Sunday, 3 July 2011

Sawako Decides Review

Sawako is not having the best of times. Having moved to Tokyo five years ago under dubious circumstances, she finds herself in a dead-end job (she is on her fifth job in five years), and has a boring and unsuitable boy-friend who wears tight jumpers that he knits himself (her fifth boy-friend in five years, can you see a pattern?). If she was British, she would be called Bridget Jones, down Baileys in her oversized pants like there is no tomorrow and have a bunch of obnoxious, I mean, zany friends who swear a lot. But Sawako is Japanese, and she lives in the real world. So she gazes pensively, wondering where it all went wrong, and has refreshing colonic irrigations hoping to flush out painful memories of her exes.

Going nowhere, she decides to go back to her home village, with her recently sacked boy-friend in tow, to attend her ailing father. Having hit rock-bottom, will she be able to revive the fortunes of her family's company, and finally earns the respect she deserves?

As much as I love Japanese cinema, I tend to be a bit wary of their quirky comedies, who do not  always translate so well, and only rarely make it to Western cinemas. Fortunately Sawako Decides is a more subdued and deadpan comedy. There is a self depreciative sense of humour running through that should particularly resonate with a British audience, as our leading lady spends a whole lot of time admitting to having zero ambition and not amounting to much. And Hikari Mitshushima as Sawako has a real talent for expressing quiet resignation in the face of life's trials.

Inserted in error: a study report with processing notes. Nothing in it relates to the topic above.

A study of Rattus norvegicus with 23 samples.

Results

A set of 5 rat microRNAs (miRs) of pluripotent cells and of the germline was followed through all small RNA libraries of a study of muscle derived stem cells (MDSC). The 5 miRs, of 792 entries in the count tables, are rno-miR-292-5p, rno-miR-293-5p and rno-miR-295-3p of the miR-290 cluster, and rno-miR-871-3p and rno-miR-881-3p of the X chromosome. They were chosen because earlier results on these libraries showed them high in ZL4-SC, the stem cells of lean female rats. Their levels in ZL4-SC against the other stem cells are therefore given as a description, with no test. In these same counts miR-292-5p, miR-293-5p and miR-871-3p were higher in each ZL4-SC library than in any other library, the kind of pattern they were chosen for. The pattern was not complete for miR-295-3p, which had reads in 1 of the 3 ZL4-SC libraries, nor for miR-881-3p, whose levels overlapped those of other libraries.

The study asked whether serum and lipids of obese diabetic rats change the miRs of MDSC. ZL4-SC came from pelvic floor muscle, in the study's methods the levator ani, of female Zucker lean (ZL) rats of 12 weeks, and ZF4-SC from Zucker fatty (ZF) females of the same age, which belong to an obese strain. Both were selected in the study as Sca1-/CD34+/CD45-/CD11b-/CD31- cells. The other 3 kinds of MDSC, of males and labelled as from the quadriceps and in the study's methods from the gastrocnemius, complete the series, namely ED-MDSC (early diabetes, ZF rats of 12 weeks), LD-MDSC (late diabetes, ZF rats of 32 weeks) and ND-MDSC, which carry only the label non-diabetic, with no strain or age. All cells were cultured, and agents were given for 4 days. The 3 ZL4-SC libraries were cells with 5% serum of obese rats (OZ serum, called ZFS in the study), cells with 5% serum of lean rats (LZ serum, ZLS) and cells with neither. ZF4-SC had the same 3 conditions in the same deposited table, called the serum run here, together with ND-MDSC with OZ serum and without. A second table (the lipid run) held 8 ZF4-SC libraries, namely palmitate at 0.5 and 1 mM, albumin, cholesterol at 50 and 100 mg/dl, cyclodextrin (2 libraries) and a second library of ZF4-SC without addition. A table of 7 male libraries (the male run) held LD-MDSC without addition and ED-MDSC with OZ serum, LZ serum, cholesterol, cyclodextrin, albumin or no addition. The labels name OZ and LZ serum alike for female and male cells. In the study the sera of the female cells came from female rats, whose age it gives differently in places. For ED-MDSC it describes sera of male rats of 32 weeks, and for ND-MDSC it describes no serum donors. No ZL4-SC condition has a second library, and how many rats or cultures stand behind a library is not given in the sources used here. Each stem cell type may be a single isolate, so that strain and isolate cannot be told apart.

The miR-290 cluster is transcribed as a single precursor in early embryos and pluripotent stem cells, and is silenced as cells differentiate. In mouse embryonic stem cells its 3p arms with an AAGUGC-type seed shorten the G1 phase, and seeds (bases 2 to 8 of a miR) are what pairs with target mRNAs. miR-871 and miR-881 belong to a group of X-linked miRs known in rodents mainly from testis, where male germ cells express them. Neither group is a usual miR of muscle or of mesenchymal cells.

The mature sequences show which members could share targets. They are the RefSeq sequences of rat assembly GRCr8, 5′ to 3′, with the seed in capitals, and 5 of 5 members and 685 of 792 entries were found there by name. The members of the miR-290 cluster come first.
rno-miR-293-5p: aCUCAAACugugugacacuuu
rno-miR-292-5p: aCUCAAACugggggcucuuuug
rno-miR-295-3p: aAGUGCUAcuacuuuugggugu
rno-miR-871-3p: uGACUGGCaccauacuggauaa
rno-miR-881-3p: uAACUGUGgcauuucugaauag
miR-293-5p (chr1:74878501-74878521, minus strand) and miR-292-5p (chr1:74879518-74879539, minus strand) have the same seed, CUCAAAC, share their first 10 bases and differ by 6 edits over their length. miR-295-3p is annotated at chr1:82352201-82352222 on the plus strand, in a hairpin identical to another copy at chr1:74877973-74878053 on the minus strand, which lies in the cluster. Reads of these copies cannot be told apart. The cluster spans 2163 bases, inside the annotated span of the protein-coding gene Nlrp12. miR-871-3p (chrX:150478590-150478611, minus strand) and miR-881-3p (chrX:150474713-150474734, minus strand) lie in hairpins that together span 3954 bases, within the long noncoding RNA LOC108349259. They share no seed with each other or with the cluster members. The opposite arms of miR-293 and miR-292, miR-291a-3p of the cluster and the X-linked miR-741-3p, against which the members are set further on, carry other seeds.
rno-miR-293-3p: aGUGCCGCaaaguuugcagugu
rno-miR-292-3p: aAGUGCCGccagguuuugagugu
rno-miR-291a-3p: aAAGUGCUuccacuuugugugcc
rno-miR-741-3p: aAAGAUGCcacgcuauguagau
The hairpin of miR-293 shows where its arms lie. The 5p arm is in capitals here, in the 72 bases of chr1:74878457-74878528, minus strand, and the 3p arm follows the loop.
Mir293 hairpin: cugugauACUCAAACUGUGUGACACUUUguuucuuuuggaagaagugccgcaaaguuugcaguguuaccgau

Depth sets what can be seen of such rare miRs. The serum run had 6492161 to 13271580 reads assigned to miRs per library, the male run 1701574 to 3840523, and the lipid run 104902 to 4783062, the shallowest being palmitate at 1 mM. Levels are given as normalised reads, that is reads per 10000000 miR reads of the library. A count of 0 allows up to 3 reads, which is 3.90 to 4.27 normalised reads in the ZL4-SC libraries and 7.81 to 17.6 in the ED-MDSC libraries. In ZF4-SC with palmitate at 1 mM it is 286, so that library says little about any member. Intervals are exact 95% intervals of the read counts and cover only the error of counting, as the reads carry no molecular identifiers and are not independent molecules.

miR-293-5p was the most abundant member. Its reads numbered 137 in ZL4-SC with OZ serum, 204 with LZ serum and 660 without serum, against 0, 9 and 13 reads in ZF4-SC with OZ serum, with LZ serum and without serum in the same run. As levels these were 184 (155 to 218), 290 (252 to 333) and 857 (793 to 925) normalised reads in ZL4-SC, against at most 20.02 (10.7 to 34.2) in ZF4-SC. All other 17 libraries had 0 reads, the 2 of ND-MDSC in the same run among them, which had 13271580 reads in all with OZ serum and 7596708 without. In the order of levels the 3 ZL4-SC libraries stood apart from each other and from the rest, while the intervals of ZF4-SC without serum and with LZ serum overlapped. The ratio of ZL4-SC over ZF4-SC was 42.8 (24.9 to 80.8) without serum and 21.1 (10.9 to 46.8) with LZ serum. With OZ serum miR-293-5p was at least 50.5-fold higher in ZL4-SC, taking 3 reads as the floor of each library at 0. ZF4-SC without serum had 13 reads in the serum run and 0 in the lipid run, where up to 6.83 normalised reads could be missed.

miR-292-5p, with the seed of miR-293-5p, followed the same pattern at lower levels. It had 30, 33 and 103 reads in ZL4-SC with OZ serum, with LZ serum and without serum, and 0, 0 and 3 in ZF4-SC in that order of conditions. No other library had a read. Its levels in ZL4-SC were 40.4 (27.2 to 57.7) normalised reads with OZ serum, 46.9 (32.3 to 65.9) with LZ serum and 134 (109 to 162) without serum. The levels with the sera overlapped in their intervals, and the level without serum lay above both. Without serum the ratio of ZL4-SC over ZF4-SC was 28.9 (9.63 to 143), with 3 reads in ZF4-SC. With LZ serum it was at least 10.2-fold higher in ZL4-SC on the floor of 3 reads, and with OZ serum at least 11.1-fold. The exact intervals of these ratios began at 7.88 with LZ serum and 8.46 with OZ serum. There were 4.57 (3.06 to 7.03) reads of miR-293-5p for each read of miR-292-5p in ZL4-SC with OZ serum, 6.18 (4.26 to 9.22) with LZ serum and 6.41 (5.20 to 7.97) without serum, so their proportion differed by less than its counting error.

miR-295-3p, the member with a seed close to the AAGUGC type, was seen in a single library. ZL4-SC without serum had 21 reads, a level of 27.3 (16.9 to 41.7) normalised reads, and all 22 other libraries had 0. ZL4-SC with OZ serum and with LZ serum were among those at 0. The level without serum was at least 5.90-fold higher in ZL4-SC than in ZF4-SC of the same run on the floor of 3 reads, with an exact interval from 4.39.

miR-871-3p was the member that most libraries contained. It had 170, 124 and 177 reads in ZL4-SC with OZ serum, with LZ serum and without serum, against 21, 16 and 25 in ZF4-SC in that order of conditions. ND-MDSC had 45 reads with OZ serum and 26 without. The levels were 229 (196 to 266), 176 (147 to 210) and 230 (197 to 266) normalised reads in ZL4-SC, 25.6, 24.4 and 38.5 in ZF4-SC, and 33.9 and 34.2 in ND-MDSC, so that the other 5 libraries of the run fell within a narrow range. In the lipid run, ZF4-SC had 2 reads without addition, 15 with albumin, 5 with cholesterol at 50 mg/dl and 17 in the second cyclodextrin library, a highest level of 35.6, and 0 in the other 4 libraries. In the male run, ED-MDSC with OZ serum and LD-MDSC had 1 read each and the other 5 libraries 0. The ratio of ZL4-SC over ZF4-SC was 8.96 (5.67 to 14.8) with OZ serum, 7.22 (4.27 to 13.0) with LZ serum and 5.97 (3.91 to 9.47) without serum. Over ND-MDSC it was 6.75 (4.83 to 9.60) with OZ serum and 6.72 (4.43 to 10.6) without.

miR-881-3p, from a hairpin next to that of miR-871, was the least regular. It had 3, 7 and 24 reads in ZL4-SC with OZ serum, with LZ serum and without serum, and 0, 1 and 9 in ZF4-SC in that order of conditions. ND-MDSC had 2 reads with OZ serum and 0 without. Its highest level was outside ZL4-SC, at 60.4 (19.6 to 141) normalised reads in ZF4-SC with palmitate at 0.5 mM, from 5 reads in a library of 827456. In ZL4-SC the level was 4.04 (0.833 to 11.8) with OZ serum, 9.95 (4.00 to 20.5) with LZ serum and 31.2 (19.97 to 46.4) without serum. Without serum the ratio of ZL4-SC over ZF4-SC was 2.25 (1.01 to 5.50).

In fact, behind the sly comedy lies a rather harsh portrayal of broken dreams and life's disappointments (which is all the more devastating as Sawako is still a very young woman), as well as provincial boredom and pettiness. Far from being welcomed with open arms, Sawako is met with a downright hostile attitude by her previous friends and the company's employees. Her only crime was to escape her village for a better life, when they were (and still are) left stuck behind.

It is not all doom and gloom however, and the film is not without his funny moments. From the early scenes in Tokyo that have a slight air of melancholic and almost surreal humour that reminded me of Aki Kaurismaki's movies, to a scene when Sawako replaces the company's triumphant hymn by one that more truly fits the general mood of acceptance in the face of adversity.

But where director Yuya Ishii truly excels is at creating a gallery of wholly believable characters, skilfully avoiding the kind of simplistic and sentimental tale of empowerment we are so accustomed to in Hollywood movies. That is not to say that Sawako does not learn anything, and there are a few heart warming scenes when she finally manages to tame some of the hostile locals, and found a bit of fighting spirit she never thought she had. But do not expect an easy resolution. This is a more gentle and realistic type of film, and all the more admirable for it.

Sawako Decides will prove a welcome respite for those who only associate Japanese cinema with horror films featuring creepy ladies with long dark hair and wacky comedies. It is out in the UK on the 8th of July and is highly recommended.